COLUMBIA — Georgia coach Mark Richt is not worried about his team’s defense, no matter how many yards the Bulldogs have allowed this season.
No. 5 Georgia ranks near the bottom of the Southeastern Conference, 10th among league defenses at more than 370 yards a game allowed.
That’s almost 100 yards more than the team gave up a game a year ago when Georgia was fourth in the league and adding to the SEC’s reputation for powerhouse defense. The Bulldogs (5-0, 3-0 SEC) must ramp up things defensively tonight against No. 6 South Carolina (5-0, 3-0) in a Eastern Division showdown sure to have a bearing on who will play for an SEC championship.
Richt says his players have made the critical stops with the game on the line.
Not that it’s been pretty. Georgia gave up 371 yards in the SEC opener against Missouri and 478 last week in beating Tennessee 51-44.
Richt brushes aside the outside grumbling about Georgia’s porous defense. Great stats, he says, don’t always equal winning records. “I was more concerned about are we going to stop people when we have to stop them, when it means the most,” Richt said. “I think that happened in the Missouri game and I think it happened in the Tennessee game defensively. I’m pleased with that.”
Georgia got three turnovers to hold on against Missouri, including a fourth-quarter interception by star linebacker Jarvis Jones. The Bulldogs picked up three interceptions and a fumble to beat the Vols. Perhaps more importantly, the defense got back suspended starters in linebacker Alec Ogletree and safety Bacarri Rambo.
Ogletree made 14 tackles and tipped a pass that led to an interception. Rambo had nine tackles.
Georgia has had its troubles stopping South Carolina’s rushing attack the past two years. Gamecocks star Marcus Lattimore scorched the Bulldogs for 182 yards and two touchdowns in 2010 and 176 yards and a touchdown last season – both South Carolina victories.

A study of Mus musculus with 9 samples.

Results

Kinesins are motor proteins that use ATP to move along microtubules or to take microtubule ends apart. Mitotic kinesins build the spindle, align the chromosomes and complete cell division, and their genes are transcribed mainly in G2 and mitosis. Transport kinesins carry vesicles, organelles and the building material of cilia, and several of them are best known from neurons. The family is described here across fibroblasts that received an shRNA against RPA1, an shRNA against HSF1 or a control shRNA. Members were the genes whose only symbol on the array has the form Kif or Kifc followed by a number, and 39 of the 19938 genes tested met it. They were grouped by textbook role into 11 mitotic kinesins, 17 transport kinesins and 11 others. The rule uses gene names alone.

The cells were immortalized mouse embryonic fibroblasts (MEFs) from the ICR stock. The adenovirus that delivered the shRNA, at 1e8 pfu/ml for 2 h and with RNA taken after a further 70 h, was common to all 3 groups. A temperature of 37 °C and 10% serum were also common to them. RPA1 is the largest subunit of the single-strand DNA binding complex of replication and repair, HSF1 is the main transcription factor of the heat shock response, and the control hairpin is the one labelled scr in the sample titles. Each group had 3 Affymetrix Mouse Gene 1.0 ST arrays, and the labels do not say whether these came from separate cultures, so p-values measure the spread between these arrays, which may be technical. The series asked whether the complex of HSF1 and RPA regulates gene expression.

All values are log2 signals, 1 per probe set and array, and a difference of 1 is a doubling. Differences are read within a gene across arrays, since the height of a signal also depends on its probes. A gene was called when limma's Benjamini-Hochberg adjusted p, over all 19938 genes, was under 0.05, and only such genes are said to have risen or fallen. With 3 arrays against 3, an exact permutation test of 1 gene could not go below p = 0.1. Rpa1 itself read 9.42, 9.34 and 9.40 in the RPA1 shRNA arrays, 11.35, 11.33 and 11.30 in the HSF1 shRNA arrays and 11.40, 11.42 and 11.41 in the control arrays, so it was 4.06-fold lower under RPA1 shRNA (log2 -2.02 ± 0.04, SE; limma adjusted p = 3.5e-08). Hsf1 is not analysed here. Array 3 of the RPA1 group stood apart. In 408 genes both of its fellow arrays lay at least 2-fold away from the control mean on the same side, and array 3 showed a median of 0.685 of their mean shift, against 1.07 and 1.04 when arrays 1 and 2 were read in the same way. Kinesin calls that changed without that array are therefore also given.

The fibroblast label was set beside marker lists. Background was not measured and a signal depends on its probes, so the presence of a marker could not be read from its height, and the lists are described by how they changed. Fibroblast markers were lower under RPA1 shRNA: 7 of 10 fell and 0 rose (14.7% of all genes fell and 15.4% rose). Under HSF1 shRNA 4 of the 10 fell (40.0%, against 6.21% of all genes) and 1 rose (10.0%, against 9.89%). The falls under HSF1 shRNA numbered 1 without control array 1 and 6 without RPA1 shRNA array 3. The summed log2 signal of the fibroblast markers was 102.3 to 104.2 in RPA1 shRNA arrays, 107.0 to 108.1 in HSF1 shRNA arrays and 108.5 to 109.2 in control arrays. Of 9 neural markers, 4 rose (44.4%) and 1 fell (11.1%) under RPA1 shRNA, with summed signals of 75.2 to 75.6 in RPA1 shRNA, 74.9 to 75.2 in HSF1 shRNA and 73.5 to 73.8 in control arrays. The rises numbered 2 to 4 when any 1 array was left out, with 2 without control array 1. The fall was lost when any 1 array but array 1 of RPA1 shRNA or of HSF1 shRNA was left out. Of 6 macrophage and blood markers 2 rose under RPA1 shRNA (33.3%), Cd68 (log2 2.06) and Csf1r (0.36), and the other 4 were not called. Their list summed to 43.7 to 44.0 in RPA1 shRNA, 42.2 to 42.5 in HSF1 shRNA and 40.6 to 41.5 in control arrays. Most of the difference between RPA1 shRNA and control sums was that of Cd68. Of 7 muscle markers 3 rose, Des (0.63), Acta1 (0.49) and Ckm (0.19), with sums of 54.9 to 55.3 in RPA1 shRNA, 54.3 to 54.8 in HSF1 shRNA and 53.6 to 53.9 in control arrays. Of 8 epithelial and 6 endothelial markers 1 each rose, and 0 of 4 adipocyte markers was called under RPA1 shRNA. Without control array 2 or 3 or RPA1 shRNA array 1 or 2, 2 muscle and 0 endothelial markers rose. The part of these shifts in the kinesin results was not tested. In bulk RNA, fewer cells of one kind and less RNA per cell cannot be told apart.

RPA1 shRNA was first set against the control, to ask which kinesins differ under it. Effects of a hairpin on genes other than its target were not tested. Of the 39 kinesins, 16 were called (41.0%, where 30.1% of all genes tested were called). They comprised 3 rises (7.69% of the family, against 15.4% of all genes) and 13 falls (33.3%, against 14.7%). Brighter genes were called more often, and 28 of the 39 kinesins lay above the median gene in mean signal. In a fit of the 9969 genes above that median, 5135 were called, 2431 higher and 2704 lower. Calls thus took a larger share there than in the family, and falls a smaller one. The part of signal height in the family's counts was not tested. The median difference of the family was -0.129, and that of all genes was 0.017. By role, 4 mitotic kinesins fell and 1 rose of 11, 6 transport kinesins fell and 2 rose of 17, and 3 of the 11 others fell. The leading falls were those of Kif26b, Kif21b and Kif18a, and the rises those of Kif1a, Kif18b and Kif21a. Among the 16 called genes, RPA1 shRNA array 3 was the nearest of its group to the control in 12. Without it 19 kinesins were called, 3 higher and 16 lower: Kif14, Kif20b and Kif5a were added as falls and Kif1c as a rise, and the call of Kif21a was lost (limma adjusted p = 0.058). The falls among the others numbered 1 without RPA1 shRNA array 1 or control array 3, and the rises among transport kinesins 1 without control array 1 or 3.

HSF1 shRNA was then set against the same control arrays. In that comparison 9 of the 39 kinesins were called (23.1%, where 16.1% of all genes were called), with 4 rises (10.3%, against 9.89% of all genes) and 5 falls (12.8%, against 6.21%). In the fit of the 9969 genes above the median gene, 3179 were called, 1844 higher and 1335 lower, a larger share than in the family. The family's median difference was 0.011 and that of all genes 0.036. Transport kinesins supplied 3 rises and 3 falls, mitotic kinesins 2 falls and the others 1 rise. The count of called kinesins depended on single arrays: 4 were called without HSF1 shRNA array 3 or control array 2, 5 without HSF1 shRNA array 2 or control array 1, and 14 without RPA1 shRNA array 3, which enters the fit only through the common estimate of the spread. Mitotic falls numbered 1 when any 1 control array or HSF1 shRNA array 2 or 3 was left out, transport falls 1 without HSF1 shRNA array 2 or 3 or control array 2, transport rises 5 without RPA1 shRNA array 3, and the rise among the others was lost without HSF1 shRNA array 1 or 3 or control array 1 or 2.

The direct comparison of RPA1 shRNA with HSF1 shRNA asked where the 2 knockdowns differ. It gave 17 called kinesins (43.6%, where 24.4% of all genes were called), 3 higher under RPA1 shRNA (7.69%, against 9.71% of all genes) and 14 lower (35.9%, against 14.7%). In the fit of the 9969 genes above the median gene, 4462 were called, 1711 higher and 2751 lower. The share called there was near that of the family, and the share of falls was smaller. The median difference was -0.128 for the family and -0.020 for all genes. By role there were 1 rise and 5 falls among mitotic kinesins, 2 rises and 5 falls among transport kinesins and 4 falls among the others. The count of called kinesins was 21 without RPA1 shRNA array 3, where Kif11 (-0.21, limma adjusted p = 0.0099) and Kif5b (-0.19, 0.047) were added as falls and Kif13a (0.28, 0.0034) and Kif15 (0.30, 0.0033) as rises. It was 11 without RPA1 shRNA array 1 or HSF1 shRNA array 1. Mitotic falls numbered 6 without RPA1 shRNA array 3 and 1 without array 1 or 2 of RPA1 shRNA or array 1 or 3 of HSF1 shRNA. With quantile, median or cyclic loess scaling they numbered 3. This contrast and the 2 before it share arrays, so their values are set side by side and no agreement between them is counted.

The Gamecocks have picked up defensively where they left off in 2011 when they finished third nationally.
South Carolina’s defense showed that last week in a 38-17 win at Kentucky. The Gamecocks gave up 196 yards and trailed 17-7 at the half, then held the Wildcats to 47 yards and no points the rest of the way.
Sophomore defensive end Jadeveon Clowney is second in the SEC with 5½ sacks. Clowney’s sack of Georgia quarterback Aaron Murray late in last year’s 45-42 win over the Bulldogs led to a crucial fumble that Melvin Ingram returned for a score and provided the Gamecocks’ winning margin.
“Every quarterback if you get pressure on them, they’re going to make mistakes,” Clowney said.
South Carolina has been just as disruptive on defense this season, tied for second in the country with 22 sacks.
“Those are the best defenses, when you trust your players to just make plays and they do that,” said Murray. “They do a great job of getting pressure on the quarterback without blitzing.”
Murray has connected on 68 percent of his passes this year, throwing for 12 touchdowns and three interceptions. Georgia’s offensive line is also rounding into form, giving up just two of the team’s seven sacks allowed in the last three games.
Georgia’s offense took a hit this week with the loss of leading receiver Michael Bennett, who tore a knee ligament at practice Tuesday. That means the Bulldogs could rely even more heavily on freshmen runners Todd Gurley and Keith Marshall — nicknamed “Gur-shall” by fans — who combined for 294 yards and five TDs against the Vols last week.
Clowney thinks the Gamecocks can get to Murray again and slow down a Bulldogs’ offense that’s scored 41 points or better in every game this season.
South Carolina is seeking its school record 10th straight victory and its third in a row over Georgia, something that’s never happened in a series first played in 1894.
Gamecocks coach Steve Spurrier says he’s not putting much stock into Georgia’s defensive numbers, expecting a stout group of Bulldogs ready to fight for every yard. Spurrier, like Richt, says Georgia plays well in the fourth quarter when it matters most.
Stats bear that out, the Bulldogs gave given up 37 second-half points this year compared to the 73 opponents have scored on them in the first two quarters.
“Reminds me a little bit of Auburn two years ago, their defense wasn’t ranked very high either,” Spurrier said. “In the fourth quarter, they stopped people. They won every game, somehow, doing that.”